By Alex Griswold • Washington Free Beacon
Let the record reflect that when news broke late Friday that Ralph Northam’s medical school yearbook contained a picture of him in either blackface or a Klan outfit, I was the only one in the informal Free Beacon office pool to predict he’d last through the weekend. As I am now writing about sitting Virginia governor Ralph Northam on a Tuesday, I’m feeling rather pleased with myself.
What made the prediction easy is that while people can change, they tend not to. It’s not as though blackface or the Ku Klux Klan were acceptable in 1984. The sort of person who was bold and shameless enough to take the photo back then is probably going to be bold and shameless enough to believe he can get away with it today.
You can make the case, as Charles Cooke does over at NRO, that the photo in isolation is not a resignation-worthy and it is “downright illiberal” to “force a resignation from a man on the grounds of a mistake he made 34 years ago.” Others might counter that the photo is so racist that he cannot conceivably maintain the confidence of his constituents even decades later.
That’s all been made irrelevant by the way Northam has reacted. At first, he did the right thing and apologized “for the decision I made to appear as I did in this photo.” But as early as Saturday morning, the Associated Press reported that Northam was privately telling Democrats that he wasn’t in the photo. He then proceeded to go public with that claim, saying in a press conference, “I believe now and then that I am not either of the people in this photo.”
Bizarrely, Northam then admitted that he does remember doing blackface when dressing up as Michael Jackson. “I had the shoes, I had a glove and I used just a little bit of shoe polish to put under, or on my cheeks,” he said. “The reason I used a very little bit is because, I don’t know if anybody has ever tried that, but you cannot get shoe polish off.” Northam smiled when asked by a reporter to moonwalk, and only chose not to when his wife chimed in about the “inappropriate circumstances.”
Now it’s being reported that Northam has hired a private investigator to clear his name. One can only imagine how that conversation is going to go down: “I found out who spread the allegation that it was Ralph Northam in the blackface photo. It was Ralph Northam. That’ll be ten grand.”
It’s almost irrelevant whether Northam is or was a racist when it is abundantly clear that he does not give a damn about his black constituents, or anyone but himself for that matter. He apologized—because he thought it would save his job. He backtracked—to save his job. He shows no remorse, no shame, no judgment. He’s so dense, he thinks that it’s somehow exculpatory to admit he once wore blackface when denying he was in a blackface photo.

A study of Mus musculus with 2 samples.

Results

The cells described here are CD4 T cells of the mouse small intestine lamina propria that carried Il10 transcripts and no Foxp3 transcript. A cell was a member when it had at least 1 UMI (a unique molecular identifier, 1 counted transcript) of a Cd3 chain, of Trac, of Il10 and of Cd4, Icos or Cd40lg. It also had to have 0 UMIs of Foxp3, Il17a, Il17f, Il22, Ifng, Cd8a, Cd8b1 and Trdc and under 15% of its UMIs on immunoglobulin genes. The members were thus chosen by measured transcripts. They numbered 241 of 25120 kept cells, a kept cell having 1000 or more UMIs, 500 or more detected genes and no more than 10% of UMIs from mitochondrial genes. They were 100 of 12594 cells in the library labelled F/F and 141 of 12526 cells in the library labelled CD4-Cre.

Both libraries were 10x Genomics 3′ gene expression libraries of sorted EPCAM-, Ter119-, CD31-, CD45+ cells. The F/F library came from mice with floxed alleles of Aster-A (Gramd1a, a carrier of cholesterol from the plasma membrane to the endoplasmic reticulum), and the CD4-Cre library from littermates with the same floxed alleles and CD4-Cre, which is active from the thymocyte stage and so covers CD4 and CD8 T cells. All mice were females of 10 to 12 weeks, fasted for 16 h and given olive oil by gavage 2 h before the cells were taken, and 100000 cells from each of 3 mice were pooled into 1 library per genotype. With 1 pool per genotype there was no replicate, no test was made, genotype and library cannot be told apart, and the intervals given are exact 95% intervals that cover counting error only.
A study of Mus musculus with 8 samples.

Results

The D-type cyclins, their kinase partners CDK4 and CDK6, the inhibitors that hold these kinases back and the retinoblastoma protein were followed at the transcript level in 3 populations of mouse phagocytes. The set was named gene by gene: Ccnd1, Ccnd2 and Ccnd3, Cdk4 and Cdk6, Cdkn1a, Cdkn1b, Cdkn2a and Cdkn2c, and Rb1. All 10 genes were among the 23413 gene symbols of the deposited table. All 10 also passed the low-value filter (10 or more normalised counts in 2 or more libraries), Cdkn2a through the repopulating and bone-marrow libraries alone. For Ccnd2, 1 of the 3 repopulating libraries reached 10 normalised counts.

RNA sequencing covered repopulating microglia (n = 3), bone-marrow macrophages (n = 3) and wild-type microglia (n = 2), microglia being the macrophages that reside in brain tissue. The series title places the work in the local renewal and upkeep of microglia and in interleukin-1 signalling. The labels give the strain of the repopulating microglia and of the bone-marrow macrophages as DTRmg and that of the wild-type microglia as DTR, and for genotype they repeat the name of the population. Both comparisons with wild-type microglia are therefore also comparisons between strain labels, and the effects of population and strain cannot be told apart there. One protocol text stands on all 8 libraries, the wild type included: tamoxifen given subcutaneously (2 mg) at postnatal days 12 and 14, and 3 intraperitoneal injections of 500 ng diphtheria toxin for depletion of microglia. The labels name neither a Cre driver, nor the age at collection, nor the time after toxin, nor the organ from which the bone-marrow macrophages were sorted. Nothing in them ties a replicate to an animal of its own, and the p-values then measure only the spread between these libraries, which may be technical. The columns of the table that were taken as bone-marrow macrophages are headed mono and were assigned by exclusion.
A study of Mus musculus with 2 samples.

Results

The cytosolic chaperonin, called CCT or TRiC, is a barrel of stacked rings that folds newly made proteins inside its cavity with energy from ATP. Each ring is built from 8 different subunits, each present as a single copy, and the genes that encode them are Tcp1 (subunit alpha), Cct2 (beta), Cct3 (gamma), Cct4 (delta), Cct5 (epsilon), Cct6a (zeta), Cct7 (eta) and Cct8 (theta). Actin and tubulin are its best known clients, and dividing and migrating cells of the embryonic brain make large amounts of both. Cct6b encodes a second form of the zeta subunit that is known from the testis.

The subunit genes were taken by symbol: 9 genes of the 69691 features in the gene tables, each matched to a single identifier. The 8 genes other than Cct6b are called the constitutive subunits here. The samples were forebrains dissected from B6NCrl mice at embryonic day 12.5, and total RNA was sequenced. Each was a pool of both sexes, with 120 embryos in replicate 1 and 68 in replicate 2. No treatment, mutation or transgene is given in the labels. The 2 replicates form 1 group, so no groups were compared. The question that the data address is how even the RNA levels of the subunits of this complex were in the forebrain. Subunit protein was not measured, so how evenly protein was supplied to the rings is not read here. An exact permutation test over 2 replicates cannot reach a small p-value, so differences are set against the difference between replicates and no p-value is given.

At every step, Northam has indicated that he lacks the competence to govern Virginia. But it turns out the guy who would take over in his stead, Lieutenant Governor Justin Fairfax, has his own issues, with a woman alleging Monday that he sexually assaulted her when they both attended the 2004 Democratic National Convention.
Again, I’m of the opinion that a he-said, she-said sexual assault allegation with no corroborating evidence should not be career-ending. Fairfax deserves the presumption of innocence, and it is fundamentally unfair to demand his resignation over a charge that is effectively impossible to disprove.
But Fairfax then, in the span of a few hours:
Fairfax also not-too-subtly suggested race was a factor in the charges against him, saying they came during his “historic inauguration,” and asking “What other major elected official in the Commonwealth of Virginia would be smeared with sexual allegations that were presented without corroboration?” Both his accuser and the man he baselessly accused of generating the story are also black.
Who, examining Fairfax’s reaction, thinks he comes off like a man who could step up and competently govern?
I feel similar to the way I did last year, when MSNBC host Joy Reid found herself in hot water after crude and homophobic blog posts she made over a decade ago resurfaced. Initially, Reid apologized, saying her views had changed. After damaging blog posts kept coming, she reversed herself and implausibly blamed hackers.
“People are allowed to mature,” I wrote at the time. “That the Joy Reid of 2006 was an ass is forgivable. That the Joy Reid of 2018 refuses to act like an adult and own up to her mistakes is not.”
Had Northam and Fairfax responded differently to the charges against them, I might’ve defended them. They responded like unapologetic, arrogant jerks. That’s disqualifying in itself.